Enhancing the coordination between maritime authorities and across borders is crucial, and to be successful, interoperability is important. The EU’s Common Information Sharing Environment (CISE) is doing exactly that, and last week, the European Commission has released a staff working document to present its progress so far.
Interoperability is the technical ability to exchange information between systems that were developed completely independent from each other.
CISE, launched in 2014, is gradually taking shape, while significant interoperability projects, including EUCISE2020 and national projects, have been successfully completed.
As CISE develops, it helps to bring about a significant political mentality change:
National and EU maritime authorities have come to realise that, by cooperating in exchanging information, they can work more efficiently and effectively
the European Commission said.
CISE is now ready to develop from an R&I product into an operational environment for structural information exchange. The transitional phase to operations, managed by EMSA, will enable further coordination in the next two years.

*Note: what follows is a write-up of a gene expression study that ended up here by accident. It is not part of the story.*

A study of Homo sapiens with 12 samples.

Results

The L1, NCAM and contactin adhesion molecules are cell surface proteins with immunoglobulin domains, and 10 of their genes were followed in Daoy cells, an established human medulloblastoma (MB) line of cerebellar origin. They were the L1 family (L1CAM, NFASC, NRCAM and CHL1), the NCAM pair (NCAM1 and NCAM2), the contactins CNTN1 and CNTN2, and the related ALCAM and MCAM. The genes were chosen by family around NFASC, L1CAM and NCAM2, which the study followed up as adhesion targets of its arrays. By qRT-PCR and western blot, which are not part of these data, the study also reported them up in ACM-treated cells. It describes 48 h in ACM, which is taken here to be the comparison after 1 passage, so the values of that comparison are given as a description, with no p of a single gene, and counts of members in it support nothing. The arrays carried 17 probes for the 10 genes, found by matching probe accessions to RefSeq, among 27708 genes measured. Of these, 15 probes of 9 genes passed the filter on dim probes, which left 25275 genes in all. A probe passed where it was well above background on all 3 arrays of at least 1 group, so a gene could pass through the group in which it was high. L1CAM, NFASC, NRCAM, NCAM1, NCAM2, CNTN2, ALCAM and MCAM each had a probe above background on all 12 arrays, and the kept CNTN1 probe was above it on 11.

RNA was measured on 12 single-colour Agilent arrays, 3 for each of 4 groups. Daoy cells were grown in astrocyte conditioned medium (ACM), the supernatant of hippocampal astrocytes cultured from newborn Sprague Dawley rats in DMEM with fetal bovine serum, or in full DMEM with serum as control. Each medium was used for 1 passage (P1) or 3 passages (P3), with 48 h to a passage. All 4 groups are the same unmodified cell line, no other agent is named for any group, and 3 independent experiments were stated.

However, additional reflection will be necessary, also at political level, to make CISE fully operational and successful. The Commission intends to support CISE also under the next EMFF.
The Common Information Sharing Environment (CISE) has made important progress by entering its transitional phase (2019 – 2021) which will be managed and led by European Maritime Safety Agency (EMSA) in close cooperation with the Member States.
Integrated Maritime Surveillance aims to promote an effective understanding of all activities performed t at sea that could affect the security, safety, economy, or environment of the European Union and its Member States.
A common information-sharing environment (CISE) is currently being developed by the European Commission and EU/EEA members with the support of relevant agencies like the EFCA. It incorporates current surveillance systems and networks, giving all those authorities concerned access to the information they need for their missions at sea.
Funded via a grant of 3,5 million € by EMFF, the project builds upon the successful completion of the EU interoperability project EUCISE 2020, as well as upon the knowledge from important national projects.